Saturday, August 19, 2017

What the Heck is that Corn Disease?

Several weeks ago, Bryce Sandahl, our Account Manager near the Rockford, Illinois texted me a picture of a disease showing up on corn.  He thought it looked like gray leaf spot, but was not sure because we really had not had the right conditions for disease development.


When I looked at the lesion, it looked shiny, so I immediately thought bacteria.  We looked under the microscope and found bacterial oozing coming from the leaf tissue.  We did an ELISA quickstrip test to test for Goss's wilt (another common bacterial disease in corn) and it tested negative.

Back, in the old days, when I was at the U of I Plant Clinic, we would have assumed it was most likely Stewart's wilt by process of elimination.  But, with new diseases constantly emerging, such as Bacterial leaf streak, we need to be careful!  So, I sent a sample to the U of I Plant Clinic and they confirmed that it was Stewart's wilt by use of primers and sequencing!

Stewart's wilt was also a major threat to sweet corn!  It is vectored and spread by the corn flea beetle. After the recent mild winter, it is possible that  the corn flea beetle populations could be heavier this year.

There can be two stages of this disease:  seedling wilt phase, which affects susceptible young plants and the leaf blight phase, when infection takes place after tassel.  Remember that insecticides in seed treatments like PowerShield® help to control the corn flea beetle in young plants, so this helps to combat the seedling wilt phase of Stewart's wilt.

The main way to control this disease is resistance and if it is found today, the lesions will be small, watersoaked, following veins, with wavy margins (like the picture) and not extend much further than 2 to 3 cm from where the corn flea beetle fed. Before resistance in hybrid corn, the symptoms from Stewart's wilt were much more serious.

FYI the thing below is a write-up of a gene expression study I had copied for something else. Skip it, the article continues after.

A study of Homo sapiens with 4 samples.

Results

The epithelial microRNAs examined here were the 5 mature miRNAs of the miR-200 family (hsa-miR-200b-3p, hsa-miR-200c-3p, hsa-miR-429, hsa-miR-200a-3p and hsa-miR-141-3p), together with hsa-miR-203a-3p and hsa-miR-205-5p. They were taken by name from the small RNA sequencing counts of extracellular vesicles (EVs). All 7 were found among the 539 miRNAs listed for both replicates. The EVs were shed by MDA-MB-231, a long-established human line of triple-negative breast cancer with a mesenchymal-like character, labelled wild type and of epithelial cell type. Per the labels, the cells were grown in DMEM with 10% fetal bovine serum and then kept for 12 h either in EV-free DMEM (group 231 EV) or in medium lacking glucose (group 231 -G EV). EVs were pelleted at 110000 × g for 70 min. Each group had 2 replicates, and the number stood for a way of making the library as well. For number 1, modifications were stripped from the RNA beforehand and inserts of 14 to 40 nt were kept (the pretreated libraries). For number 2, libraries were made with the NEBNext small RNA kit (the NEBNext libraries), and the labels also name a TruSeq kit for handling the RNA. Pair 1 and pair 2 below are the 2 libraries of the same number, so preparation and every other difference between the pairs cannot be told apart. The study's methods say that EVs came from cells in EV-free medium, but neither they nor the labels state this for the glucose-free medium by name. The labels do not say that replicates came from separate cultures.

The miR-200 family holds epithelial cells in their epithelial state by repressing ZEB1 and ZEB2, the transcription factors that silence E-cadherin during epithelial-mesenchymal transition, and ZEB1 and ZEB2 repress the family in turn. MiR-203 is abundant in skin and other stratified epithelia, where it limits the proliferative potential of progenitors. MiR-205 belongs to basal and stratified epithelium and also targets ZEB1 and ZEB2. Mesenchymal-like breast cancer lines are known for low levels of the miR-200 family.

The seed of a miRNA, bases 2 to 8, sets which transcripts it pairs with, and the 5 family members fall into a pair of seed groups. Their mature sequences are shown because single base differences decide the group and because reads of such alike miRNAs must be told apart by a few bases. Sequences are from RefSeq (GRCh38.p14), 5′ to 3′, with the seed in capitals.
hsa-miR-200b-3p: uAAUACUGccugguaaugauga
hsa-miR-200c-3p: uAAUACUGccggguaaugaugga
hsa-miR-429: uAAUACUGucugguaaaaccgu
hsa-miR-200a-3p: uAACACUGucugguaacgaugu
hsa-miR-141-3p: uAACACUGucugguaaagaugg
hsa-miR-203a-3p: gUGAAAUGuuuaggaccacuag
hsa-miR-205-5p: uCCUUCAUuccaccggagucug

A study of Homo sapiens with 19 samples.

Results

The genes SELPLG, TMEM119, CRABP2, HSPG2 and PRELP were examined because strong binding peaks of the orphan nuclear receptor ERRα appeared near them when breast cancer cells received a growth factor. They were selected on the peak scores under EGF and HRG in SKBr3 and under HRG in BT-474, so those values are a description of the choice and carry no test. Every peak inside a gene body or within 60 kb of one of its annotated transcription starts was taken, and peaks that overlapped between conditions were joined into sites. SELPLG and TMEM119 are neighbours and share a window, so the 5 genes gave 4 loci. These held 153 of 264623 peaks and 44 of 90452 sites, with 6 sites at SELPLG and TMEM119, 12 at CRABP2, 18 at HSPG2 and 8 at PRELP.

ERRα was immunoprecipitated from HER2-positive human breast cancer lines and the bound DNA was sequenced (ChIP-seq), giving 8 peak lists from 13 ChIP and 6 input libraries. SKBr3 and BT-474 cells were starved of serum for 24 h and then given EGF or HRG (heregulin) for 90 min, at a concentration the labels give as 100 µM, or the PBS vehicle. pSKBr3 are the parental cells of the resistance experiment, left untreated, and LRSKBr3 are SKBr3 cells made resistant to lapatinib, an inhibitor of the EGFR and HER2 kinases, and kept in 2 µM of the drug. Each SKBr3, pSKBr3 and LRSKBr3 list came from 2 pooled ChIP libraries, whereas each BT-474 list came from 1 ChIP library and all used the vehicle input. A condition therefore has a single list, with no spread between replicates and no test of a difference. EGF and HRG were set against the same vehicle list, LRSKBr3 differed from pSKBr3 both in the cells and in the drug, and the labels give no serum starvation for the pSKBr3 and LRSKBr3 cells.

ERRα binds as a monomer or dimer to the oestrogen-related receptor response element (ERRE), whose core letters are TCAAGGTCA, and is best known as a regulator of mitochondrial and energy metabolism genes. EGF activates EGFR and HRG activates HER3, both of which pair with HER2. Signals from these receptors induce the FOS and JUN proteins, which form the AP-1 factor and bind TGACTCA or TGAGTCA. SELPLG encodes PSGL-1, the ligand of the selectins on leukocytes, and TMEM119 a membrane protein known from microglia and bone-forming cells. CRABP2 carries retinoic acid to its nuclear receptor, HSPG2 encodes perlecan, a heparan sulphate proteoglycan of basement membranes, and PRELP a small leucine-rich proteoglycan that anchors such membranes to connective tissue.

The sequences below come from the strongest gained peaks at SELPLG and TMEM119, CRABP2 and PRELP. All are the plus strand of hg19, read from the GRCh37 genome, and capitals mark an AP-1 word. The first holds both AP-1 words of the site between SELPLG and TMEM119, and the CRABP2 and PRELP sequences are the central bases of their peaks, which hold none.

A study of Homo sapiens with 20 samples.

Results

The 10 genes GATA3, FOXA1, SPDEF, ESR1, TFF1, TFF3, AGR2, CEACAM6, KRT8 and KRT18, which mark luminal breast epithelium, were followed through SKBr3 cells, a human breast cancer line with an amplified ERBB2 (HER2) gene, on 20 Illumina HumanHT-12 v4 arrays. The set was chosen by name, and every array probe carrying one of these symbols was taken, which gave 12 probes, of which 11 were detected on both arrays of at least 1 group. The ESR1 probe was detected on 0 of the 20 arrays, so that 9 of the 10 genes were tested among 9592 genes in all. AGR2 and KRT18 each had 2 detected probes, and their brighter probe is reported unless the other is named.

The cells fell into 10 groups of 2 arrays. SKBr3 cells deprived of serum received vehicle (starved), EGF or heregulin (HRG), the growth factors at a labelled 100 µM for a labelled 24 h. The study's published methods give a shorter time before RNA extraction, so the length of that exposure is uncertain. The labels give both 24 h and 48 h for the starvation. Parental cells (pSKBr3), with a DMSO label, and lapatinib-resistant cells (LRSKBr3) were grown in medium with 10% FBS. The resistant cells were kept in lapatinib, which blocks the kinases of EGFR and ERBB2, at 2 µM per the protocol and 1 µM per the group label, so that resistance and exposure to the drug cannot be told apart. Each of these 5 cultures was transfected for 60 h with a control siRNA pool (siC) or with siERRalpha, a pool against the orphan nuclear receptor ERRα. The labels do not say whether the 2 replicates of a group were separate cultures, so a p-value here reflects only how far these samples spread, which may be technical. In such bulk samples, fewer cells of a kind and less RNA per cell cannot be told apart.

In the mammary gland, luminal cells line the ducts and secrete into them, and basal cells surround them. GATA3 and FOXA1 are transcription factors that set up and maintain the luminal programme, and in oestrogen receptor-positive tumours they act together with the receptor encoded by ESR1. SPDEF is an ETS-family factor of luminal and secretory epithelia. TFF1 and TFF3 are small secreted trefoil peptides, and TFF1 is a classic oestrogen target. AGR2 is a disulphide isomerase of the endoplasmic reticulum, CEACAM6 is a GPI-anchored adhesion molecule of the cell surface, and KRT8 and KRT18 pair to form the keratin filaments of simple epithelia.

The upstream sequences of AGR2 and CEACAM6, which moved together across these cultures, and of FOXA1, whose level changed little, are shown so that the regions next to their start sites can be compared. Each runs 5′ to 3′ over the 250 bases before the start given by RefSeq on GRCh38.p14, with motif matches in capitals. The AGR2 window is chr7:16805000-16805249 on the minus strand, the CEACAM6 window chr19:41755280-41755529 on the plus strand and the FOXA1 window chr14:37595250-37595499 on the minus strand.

Fun Facts:  This disease was thought to be first described in the 1880's by the entomologist, T.J Burrill, who is famous for his work on Fireblight and helping to prove that plant diseases could be caused by bacteria.

Stewart's wilt held much economic importance throughout history because of quarantine restrictions, costs associated with breeding for resistance, and phytosanitary regulations within seed trade.

Lastly, this disease brought back many memories from my U of I college years when working as an undergraduate with Dr. White's corn plant pathology breeding crew.  If you were a short student worker, like me, you got the job of "clapping" the corn, during the seedling stage, with Stewart's wilt inoculum.   Later, these various corn lines were evaluated and rated after disease development.  If you were good, like me, you got to hold the clipboard for the grad student and take notes for them!